Natural Relief Dispensary to construct new facility in Sherwood

Natural Relief Dispensary to construct new facility in Sherwood



After the state Medical Marijuana Commission accepted the dispensary application results and scores submitted to it by the Public Consulting Group on Jan. 9, the state sent out notifications to the 32 top scoring applicants letting them know they’ve been selected for a license. The Times hopes to report on the business plans for the selected dispensaries, so please email rebekahhall@arktimes.com with tips.

In 2018, Michael Faught retired as CEO of Roberts-McNutt, a Central Arkansas roofing and waterproofing contractor. In 2019, his retirement plans will focus on the opening of Natural Relief Dispensary in a newly constructed facility at 3107 East Kiehl Avenue in Sherwood, with help from his brother Brian Faught. Natural Relief Dispensary received the fourth highest score in zone 5, which includes Central Arkansas, with 375.11 points earned. As president and CEO of the dispensary, Michael Faught owns a 65 percent stake in the business, and Scott Snyder, who Brian Faught said lives in Florida and works in the telecom industry, owns the remaining 35 percent stake and is listed on the application as the dispensary’s chief operating officer. Brian Faught has no ownership in the company and said he also works in the telecom industry.

Brian Faught said the dispensary will be built on what is currently a vacant lot on East Kiehl Avenue, as he and Michael could not find a suitable existing facility that met the requirements of the medical marijuana amendment. He also said that Natural Relief Dispensary would begin the permitting process with the city of Sherwood once the dispensary physically takes possession of the license.

“The day after we take possession of the license, [our builder] will break ground on our structure,” he said. “We have an agreement with our builder to get expedited treatment. I hope to open the doors within five to six months of breaking ground, which should be the day after we receive the license.”

Michael Faught said his experience as the former CEO of Roberts-McNutt will help him run his new dispensary.

“I was there for 22 years, and I was very cautious on our expenses, and I’ll do the same thing with my dispensary.”

Michael Faught, who lives in Cabot, said he will be “extremely involved” and present daily at the dispensary. He also said that as a disabled veteran, recent changes in his health prompted his retirement, so he’ll now be able to spend time at the dispensary as often as possible.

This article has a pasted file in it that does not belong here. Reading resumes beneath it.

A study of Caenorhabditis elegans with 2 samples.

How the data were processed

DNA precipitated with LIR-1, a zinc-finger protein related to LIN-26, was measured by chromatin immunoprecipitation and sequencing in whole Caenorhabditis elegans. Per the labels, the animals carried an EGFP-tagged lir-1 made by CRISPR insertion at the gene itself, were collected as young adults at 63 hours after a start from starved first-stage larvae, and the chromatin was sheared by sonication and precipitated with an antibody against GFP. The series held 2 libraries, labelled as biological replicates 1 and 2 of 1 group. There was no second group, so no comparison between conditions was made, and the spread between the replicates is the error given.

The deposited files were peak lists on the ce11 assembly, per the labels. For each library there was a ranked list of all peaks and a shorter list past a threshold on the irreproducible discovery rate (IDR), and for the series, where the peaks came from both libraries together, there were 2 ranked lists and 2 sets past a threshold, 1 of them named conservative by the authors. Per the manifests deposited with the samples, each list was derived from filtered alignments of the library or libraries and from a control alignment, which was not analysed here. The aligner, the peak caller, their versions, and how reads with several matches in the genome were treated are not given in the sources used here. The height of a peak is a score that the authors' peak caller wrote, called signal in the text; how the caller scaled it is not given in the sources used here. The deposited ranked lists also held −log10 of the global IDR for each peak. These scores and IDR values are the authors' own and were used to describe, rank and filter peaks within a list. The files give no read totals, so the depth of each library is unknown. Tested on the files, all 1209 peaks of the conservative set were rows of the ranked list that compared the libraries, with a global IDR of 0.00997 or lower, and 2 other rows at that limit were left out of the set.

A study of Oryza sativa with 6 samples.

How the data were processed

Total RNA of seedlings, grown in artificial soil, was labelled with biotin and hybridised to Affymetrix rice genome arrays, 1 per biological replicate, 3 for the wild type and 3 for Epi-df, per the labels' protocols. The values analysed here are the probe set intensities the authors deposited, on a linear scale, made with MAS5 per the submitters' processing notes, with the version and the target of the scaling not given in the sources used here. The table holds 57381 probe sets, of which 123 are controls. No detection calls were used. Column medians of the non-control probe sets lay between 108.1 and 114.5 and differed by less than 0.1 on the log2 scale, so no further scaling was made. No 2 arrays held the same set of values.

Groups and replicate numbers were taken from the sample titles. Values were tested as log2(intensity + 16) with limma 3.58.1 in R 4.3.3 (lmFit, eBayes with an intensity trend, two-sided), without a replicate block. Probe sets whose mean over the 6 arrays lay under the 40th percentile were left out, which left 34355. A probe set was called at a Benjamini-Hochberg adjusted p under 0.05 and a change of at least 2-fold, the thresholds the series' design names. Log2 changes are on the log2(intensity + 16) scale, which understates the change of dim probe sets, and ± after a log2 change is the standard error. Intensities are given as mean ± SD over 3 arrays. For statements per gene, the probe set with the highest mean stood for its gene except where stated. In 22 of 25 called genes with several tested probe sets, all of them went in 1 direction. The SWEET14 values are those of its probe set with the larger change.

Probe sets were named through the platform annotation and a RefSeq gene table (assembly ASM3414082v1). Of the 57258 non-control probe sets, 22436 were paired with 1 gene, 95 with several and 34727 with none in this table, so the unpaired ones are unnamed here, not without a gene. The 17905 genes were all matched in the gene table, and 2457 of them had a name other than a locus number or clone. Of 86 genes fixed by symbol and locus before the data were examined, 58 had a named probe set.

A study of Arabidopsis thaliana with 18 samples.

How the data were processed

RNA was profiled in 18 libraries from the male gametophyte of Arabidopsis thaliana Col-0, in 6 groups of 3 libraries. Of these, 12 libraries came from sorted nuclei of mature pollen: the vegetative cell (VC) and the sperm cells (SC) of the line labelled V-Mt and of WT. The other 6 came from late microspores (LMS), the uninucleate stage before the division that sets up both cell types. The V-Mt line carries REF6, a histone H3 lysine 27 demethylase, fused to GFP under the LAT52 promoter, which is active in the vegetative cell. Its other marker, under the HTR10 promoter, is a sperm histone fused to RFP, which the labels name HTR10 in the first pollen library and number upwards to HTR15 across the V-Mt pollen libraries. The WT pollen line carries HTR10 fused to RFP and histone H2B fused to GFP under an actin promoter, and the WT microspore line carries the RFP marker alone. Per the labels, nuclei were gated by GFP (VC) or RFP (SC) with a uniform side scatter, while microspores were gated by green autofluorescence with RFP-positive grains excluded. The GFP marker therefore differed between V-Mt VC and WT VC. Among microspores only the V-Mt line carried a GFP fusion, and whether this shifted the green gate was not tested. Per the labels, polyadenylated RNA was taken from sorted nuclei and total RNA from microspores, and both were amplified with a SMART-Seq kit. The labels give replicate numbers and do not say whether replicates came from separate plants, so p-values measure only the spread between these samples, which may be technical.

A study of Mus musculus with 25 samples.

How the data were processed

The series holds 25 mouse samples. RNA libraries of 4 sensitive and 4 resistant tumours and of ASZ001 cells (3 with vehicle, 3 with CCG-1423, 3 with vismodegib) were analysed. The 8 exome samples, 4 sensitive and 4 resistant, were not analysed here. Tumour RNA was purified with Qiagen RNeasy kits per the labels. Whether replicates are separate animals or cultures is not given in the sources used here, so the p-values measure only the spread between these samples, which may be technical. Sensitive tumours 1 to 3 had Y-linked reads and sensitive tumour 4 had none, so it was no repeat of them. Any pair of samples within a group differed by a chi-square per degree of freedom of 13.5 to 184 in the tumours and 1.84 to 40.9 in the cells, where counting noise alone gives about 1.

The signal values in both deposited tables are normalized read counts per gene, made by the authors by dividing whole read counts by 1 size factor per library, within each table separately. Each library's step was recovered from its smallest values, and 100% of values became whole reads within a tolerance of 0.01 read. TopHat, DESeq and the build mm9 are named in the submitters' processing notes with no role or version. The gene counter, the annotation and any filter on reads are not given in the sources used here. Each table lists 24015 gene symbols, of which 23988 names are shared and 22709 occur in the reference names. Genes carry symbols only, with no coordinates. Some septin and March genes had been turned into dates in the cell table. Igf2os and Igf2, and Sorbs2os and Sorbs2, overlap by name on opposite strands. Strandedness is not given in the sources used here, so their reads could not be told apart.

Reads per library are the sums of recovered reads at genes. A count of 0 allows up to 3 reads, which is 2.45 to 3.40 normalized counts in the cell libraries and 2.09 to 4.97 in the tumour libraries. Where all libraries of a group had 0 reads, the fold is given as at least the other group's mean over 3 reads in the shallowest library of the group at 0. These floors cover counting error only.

“When I went into the Air Force, it was in 1978, and [on] the third day of my basic training, I broke my back,” he said. “I’ve had four lower back surgeries, and I have a really bad back, that’s why the [Department of Veteran Affairs] has taken me to 100 percent disability. And currently … they’ve got me in a wheelchair. So at my dispensary, I’ll have to be in my wheelchair, but that’s okay because I’ll still be very involved.”

Brian Faught said he’s glad the state took his brother’s veteran status into consideration when scoring the dispensary applications.

“This was part of the application process, and I think the state did the right thing in awarding bonus points to service members and minorities and females,” he said. “I just think that’s right. He definitely falls under that category.”

Natural Relief Dispensary, according to Michael Faught, will hire employees in addition to himself to help with the day-to-day operations of the facility, but he has not started the hiring process yet.

Michael Faught said he’s interested in the benefits of medical cannabis, both for himself and for fellow disabled veterans. He said he has not yet applied for a medical marijuana card, but he plans on doing so in the future.

Brian Faught said he applied for a cultivation license in Fayetteville but was not awarded a license, so Natural Relief Dispensary will buy its cannabis from one of the five licensed cultivators in the state. Neither Brian nor Michael knew what specific strains of medical cannabis the dispensary plans on providing, but Brian said it would try to provide strains for each of the qualifying conditions for medical marijuana.

“We will address each one of the listed maladies in the amendment and make sure that we have two to three options per malady, if feasible, so that clients have an option,” he said.

Brian Faught also said that Natural Relief Dispensary is “suitably capitalized” for the new business venture.

“We have plenty of money to do everything that needs to be done to set up a first-class, first-rate medical marijuana dispensary in Sherwood,” he said. “A lot of dispensaries in the industry go out of business. People think that they’re going to get in this business and open their doors, and the money is just going to come crashing through the front door. That’s not gonna happen. It’s going to take 12-24 months for the market to mature. We might not even turn a profit until into the second year, so being properly capitalized is a very, very important part of the business. We don’t expect to turn a profit until well into year two.”

Michael said he’s pleased with the dispensary scoring results and excited to open Natural Relief Dispensary.

“My application process went very well,” he said. “As a matter of fact, the young lady that I submitted it to, she told me, ‘I’ll be surprised if you don’t get a dispensary.’ So it sounds like I got one.”

*Correction: A previous version of this article appeared with the incorrect Google Maps screenshot of the vacant lot at 3107 East Kiehl Avenue in Sherwood.


Originally published on ArkTimes.com.